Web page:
This will appear in the Bernice Banner, Bernice, Louisiana, USA, the week of 6/15/2015.

My daughter, her husband and child live in Monroe. It was convenient for my granddaughter to attend kindergarten at the local Christen school, OCS. Since this is in the proximity of my work location I can occasionally visit her school during sponsored functions. A couple of weeks ago I visited her kindergarten graduation at the high school gym. Everyone stood as the children led the packed gymnasium in the pledge of allegiance. A certain special pride came over the audience as the congregation faced old glory, hand on heart and political correctness had no place in the day. Then the children turned to the crowd and in perfect unison they burst into a song by George M. Kohen from his play “Yankee Doodle Dandy”. There was something special listening to these five year olds singing “It’s a Grand Ole Flag”.
As I sit here writing this on the American Holiday of Flag Day I realized that we have lost something over the past few decades. Instead of standing tall, chest out and swearing allegiance to the flag of the United States of America we have slowly migrated to a neutral stance where Americanism, Patriotism and American spirit has been replaced with political correctness/don’t-do-anything-to-offend-anyone mentality. It doesn’t matter that Americans have shed blood around the world to allow us to maintain freedoms that other countries only wish they could have. It doesn’t matter that we live in a country born from religious tolerance and a separation of church and state. Nor does it matter that with few exceptions, we all are from immigrant families that came to a country that welcomed its’ new citizens but with the understanding that these new immigrants be citizens of this great nation and not expect this nation to transform to the country the immigrant came from.
It is important that we instill into our youth how fortunate they are to live in this free nation. The individual citizen is not entitled to anything other than an opportunity to attempt to do what that person desires to be. However, the Nation, The United States of America, is entitled to the sweat and blood and loyalty of an appreciative citizenry. Many of our youth have gone off into harm’s way to protect our freedoms. Unfortunately, due to an inability of our Federal Government to see the crisis that has been building for years, our youth will again take up arms to confront the deadly terrorist of the Middle-East before a prolific advance of Islamic extremism hits our shore. It is important that national pride is inserted into our school systems.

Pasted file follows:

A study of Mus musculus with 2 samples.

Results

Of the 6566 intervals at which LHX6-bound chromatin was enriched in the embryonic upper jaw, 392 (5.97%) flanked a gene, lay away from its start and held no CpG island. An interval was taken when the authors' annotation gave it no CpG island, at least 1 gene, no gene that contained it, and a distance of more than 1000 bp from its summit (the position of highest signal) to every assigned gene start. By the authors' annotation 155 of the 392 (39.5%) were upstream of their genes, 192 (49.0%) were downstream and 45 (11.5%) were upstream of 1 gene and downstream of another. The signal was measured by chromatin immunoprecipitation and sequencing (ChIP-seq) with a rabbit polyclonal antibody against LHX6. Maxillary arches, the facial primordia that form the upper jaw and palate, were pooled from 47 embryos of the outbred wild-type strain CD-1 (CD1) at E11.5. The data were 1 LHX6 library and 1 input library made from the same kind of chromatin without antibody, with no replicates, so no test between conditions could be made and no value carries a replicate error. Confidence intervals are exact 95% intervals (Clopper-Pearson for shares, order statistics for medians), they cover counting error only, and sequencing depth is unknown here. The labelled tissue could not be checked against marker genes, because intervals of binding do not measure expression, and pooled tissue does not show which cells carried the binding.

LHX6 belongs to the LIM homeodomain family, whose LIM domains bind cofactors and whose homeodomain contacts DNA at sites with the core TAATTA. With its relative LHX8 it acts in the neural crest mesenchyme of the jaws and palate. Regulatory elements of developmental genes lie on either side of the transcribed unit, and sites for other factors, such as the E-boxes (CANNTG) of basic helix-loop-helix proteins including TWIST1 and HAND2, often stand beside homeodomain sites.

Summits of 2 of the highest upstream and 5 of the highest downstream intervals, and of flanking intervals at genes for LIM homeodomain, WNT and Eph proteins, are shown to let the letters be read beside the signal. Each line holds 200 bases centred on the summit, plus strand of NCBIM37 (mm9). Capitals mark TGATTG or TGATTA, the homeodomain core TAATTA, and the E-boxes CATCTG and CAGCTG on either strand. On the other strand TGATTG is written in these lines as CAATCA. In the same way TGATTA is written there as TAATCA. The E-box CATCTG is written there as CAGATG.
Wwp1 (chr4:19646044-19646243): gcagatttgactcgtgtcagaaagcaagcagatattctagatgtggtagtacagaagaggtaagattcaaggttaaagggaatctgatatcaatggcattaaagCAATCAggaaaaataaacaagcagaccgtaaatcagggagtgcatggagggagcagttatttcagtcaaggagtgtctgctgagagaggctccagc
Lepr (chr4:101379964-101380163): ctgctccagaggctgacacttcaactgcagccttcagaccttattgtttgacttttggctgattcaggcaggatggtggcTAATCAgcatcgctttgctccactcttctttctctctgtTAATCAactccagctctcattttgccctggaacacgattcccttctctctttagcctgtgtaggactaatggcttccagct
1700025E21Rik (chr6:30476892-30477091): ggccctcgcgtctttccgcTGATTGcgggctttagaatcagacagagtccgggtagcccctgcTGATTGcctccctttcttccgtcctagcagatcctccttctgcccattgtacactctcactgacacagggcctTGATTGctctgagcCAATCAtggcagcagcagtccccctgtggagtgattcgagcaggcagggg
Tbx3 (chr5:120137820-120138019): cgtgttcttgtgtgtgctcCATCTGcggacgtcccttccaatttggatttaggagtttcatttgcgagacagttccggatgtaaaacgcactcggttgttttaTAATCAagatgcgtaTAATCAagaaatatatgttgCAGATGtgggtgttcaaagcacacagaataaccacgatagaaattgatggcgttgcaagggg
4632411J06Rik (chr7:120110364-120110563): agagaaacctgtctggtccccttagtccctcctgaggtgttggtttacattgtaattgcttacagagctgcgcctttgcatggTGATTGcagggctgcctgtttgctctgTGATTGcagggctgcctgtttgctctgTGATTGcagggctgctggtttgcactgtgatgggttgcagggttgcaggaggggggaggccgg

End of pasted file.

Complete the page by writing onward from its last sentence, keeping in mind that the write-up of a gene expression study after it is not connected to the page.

We need curriculum added at the elementary and high school levels that extol the good of our country. Make history fun and enjoyable and relive the sacrifices that the common American made to make this country great. Build a sense of pride and identify the debt owed by Americans to this great nation. Show reverence to our flag; the same flag that flew from John Paul Jones’s war ship during the Revolution War, from New Orleans during the War of 1812, from the Rough Riders as they stormed up San Juan Hill in Cuba and flew proudly as America landed in France in WWI and Omaha Beach in WWII and recently in Korea, Viet Nam and the Middle East. Our schools provide a common landing platform to launch our love of country.
Make no mistake, we are not a perfect country and we have a long way to go. We must recognize that the building is not over but we must also recognize that we have come very far and although our form of government is not perfect it is so much better that all others.
John Kennedy once said, “Ask not what your country can for you. Ask what you can do for your country.”